Coca-Cola has responded to criticism of its sponsorship of COP27 following a backlash from environmental groups for the company’s apparent use of the climate talks to gloss over its vast plastic footprint.
The consumer goods brand and its public relations firm had not responded to media queries about the backlash until Monday, and there had been no mention of Coke’s sponsorship of COP27 on the brand’s website or social media channels.
Green groups called for Coke to be removed as a COP27 sponsor early on in the event, pointing to the fizzy drinks brand’s reputation as the world’s biggest polluter of plastic, which is derived from climate-wrecking fossil fuels.
In a statement shared today, Coca-Cola said that it had “actively engaging” at COP events since Copenhagen in 2009, and has participated with the aim of “listening and learning, and constructively engaging in positive climate action.”
“We agree that we have a responsibility to reduce the carbon footprint of our value chain and we transparently report our progress while taking more action to address the serious challenge facing the planet.”
“We firmly believe that the perspectives of all stakeholders should be involved in climate discussions, including those who have historically not had a voice. While we recognise that we have more work to do, we believe that effective climate solutions will require all of society to be involved including governments, civil society, and the private sector.”
Coke’s statement emerges as a new report from Break Free From Plastic, a non-profit collective, finds that the brand has topped a ranking of the world’s biggest plastic polluters for five years in a row.
Coca-cola is one of the most widely available consumer brands, for sale in more than 200 territories. It produces 200,000 plastic bottles every minute, according to reports.
Coca-Cola has also drawn criticism for its water footprint, with the company’s factories leaving communities in India short of water. In March, Coke was criticised for extracting groundwater during a drought in Mexico.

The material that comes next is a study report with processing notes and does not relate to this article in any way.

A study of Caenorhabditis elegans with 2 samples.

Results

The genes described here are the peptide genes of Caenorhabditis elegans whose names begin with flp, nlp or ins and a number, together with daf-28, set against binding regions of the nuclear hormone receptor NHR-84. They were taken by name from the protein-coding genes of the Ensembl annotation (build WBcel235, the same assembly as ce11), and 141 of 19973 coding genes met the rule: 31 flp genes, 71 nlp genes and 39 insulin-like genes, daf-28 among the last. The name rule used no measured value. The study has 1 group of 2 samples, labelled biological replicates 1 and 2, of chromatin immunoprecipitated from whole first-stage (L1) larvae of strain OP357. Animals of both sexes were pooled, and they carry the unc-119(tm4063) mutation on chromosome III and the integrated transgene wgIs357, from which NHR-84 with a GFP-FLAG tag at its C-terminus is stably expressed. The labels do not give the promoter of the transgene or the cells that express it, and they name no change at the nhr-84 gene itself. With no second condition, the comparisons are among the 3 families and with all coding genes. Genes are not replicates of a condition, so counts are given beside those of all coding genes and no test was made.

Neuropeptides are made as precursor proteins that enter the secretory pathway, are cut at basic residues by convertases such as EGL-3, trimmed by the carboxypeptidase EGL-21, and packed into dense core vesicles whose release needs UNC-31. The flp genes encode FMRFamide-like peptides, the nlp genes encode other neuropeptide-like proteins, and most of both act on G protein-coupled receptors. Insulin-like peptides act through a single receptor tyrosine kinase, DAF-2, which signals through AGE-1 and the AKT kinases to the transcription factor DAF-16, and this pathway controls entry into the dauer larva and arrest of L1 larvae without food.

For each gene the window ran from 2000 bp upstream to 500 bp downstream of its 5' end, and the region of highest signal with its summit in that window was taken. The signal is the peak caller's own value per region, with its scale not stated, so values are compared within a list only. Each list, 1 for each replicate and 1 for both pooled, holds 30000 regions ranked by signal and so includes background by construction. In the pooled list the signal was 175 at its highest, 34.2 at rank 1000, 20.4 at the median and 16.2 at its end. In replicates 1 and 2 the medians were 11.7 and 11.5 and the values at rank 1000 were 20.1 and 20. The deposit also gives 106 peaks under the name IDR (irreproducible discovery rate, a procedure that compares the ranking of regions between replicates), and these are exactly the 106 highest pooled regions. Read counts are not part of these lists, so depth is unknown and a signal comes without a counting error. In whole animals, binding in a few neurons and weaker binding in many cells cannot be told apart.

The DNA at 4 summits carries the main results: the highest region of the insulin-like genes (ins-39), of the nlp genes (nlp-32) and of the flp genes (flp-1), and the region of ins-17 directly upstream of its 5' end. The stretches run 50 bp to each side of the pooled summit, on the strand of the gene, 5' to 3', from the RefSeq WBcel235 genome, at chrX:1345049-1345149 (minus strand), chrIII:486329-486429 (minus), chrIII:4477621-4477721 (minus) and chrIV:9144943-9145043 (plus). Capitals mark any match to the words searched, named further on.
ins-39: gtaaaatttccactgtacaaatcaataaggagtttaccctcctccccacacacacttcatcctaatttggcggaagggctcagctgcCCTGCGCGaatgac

Coke’s plastic commitments
Some industry observers have objected to the lambasting of Coke, highlighting the multinational’s efforts to address plastic pollution and try to build a circular economy for the 2.7 million tonnes of plastic it uses a year.
Coke’s commitments to address the plastic waste crisis include using 50 per cent recycled materials in its packaging by 2030, cutting its use of virgin plastic by 3 million tonnes by 2025, and selling 25 per cent of its drinks in refillable glass or returnable bottles by 2030.
Coca-Cola uses more recycled plastic in its products than almost any other major consumer goods firm, according to data from Ellen McArthur Foundation, a non-profit – 11.5 per cent of the plastic Coke’s uses was made from recycled material in 2020, an increase of 1.8 percentage points on the previous year.
Select Coke brands use 100 per cent recycled PET plastic in 30 markets.
Coca-Cola restructured its sustainability team to make its targets more achievable in 2019, the year that it announced a switch from green to clear plastic bottles for its Sprite brand in Southeast Asia – transparent PET is easier to recycle than the coloured variety.
Chris DeArmitt, a US-based materials consultant, said that PET, which Coke uses to make its bottles and widely used in product packaging, “is the proven greenest option” as PET is the easiest type of plastic to recycle.
“Slamming them for it [using plastic] is unjust and scientifically wrong,” he said.
A progress report on Coke’s plastic reduction and recycling targets by non-profit Greenpeace concluded that the company will “almost certainly” miss its 2025 goals.
Break Free From Plastic is calling for a legally-binding Global Plastics Treaty, which would introduce measures to hold polluters such as Coca-Cola responsible for their discarded products. The first treaty negotiation meeting will be held in at the end of November.
At the COP27 event site in Sharm el-Sheikh, Coca-Cola is being served in glass bottles. Event delegates have pointed out that many recycling bins do not have a repository for glass items.